In a world which is “fractured… with polarised debates”, India is willing to step up to the plate and play a larger global role, external affairs minister S Jaishankar said on Monday.
Addressing a conference by the Centre for Policy Research here on Monday, he said India’s challenge is “undertaking deep reforms and addressing long-standing governance issues.”
Referring to the emerging geopolitical landscape, Jaishankar said Indian strategy will have to be more “complex and nuanced in a world which is changing faster than we can imagine, as we struggle to absorb a nationalistic America, a rising China, a divided Europe, a re-emerging Russia, a normalising Japan, an insecure ASEAN, and an even more disturbed Middle-East.
Other continents and regions are not without their own challenges, including ours. Economic rebalancing has now started to translate into its political manifestation. And that means a fundamental overhaul of the global architecture”.
The “rebalancing” of the world, he said, is “accompanied by growing nationalism across vast geographies. There is no question that the overall mood is more competitive; some would say more selfish. The very nature of politics has changed in different societies and the disapproval of those who lost out does not make it less legitimate”.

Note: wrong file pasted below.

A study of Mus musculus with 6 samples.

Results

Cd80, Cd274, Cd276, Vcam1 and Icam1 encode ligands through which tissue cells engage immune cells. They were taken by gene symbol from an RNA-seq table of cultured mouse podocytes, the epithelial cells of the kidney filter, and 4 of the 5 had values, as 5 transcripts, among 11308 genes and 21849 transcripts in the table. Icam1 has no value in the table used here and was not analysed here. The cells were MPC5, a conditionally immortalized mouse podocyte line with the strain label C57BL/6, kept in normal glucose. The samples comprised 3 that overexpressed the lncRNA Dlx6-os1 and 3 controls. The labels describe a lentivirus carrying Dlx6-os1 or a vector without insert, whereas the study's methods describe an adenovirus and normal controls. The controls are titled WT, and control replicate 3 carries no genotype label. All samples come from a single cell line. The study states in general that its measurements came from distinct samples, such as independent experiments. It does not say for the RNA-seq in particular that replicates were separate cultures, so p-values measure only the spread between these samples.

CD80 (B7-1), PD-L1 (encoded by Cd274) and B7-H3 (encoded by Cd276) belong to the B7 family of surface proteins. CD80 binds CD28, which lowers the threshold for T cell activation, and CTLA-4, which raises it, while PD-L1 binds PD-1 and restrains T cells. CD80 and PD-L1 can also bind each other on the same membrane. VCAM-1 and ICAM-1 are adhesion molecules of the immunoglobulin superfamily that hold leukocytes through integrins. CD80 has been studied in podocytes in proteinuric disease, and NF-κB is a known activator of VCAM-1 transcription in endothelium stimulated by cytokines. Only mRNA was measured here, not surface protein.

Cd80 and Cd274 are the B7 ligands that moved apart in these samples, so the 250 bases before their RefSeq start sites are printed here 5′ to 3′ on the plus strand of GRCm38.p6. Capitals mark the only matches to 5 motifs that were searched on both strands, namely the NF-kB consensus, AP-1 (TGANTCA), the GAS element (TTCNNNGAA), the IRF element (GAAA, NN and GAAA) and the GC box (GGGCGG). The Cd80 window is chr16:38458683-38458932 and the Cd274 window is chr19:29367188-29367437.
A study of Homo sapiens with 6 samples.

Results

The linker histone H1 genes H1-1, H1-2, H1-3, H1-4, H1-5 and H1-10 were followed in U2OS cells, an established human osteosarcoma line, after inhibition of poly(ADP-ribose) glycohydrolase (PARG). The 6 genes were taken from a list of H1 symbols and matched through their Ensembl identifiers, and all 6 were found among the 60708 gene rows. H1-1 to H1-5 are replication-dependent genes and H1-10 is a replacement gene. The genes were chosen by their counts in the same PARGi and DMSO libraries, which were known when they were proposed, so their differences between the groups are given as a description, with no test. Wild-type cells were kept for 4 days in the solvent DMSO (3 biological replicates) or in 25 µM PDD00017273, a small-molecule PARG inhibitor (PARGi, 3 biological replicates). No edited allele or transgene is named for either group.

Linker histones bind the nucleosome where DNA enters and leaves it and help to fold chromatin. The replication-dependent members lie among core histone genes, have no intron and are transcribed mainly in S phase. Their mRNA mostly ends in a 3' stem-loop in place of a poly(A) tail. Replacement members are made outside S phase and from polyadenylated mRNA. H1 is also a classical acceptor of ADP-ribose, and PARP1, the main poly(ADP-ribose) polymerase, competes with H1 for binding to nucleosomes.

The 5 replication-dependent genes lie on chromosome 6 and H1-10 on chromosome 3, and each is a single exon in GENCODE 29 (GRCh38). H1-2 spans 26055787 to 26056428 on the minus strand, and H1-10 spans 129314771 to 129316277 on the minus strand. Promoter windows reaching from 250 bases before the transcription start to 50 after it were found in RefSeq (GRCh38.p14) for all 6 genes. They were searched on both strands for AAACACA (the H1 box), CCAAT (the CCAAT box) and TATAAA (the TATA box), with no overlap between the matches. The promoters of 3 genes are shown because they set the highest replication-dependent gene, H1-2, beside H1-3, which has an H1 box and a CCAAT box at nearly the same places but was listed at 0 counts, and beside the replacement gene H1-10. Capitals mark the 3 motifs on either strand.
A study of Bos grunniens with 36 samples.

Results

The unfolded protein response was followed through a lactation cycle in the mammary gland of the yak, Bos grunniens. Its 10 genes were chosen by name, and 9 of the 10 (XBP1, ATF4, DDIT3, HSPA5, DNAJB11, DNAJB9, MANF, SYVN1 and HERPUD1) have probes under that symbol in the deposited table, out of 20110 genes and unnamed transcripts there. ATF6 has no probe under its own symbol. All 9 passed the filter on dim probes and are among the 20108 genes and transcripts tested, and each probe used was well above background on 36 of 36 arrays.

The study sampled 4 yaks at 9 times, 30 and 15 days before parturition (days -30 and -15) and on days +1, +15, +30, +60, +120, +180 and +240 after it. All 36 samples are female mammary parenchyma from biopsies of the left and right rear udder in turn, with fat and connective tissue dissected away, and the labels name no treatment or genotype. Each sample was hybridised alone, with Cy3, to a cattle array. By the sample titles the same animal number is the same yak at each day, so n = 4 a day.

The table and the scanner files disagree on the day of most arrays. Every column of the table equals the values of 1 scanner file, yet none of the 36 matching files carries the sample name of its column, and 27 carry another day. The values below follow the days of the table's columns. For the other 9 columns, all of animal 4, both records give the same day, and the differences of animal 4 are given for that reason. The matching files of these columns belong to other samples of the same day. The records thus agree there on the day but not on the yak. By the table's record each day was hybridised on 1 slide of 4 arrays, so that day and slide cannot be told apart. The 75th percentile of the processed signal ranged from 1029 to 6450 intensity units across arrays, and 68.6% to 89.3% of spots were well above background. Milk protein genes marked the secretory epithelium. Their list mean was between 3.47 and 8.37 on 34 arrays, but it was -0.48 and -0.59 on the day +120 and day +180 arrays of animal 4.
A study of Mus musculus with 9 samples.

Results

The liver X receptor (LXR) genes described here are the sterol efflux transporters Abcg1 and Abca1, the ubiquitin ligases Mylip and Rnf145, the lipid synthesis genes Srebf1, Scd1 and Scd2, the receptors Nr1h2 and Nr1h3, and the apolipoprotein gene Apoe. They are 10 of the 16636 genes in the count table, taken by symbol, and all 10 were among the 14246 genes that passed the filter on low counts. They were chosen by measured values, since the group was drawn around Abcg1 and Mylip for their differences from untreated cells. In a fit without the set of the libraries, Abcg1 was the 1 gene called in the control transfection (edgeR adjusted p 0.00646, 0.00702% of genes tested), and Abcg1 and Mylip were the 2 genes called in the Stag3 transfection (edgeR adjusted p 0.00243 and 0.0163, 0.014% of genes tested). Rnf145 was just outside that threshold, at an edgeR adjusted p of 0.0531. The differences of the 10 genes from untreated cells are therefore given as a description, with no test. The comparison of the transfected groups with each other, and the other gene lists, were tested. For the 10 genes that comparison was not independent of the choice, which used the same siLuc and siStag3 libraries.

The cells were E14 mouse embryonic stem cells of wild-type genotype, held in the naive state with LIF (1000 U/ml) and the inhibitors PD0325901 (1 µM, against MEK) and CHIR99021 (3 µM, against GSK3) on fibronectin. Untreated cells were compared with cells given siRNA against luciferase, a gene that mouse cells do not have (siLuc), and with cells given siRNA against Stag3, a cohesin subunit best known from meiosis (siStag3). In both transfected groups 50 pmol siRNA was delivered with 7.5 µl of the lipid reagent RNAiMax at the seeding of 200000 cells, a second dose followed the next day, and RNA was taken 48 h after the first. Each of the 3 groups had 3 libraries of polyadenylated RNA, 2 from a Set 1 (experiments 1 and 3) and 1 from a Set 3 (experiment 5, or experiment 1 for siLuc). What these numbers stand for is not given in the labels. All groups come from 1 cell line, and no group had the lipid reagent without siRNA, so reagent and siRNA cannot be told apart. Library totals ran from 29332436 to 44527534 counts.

Multi-lateralism is a casualty, alliances have eroded as the US has changed its own outlook and demeanour, he said. Interestingly, this opens up the space for “pluri-laterals” and coalitions of the willing, as well as middle powers, like India which find greater space. “Perhaps it is only logical that India should emerge as an industry leader in this regard, whether it is the RIC, SCO, Quad or JAI,” he said.
An equally big challenge comes from the fact that while supply chains, connectivity, terrorism, climate change and pandemics cut across national borders, there is less inclination among the big powers to coordinate and work together, he said.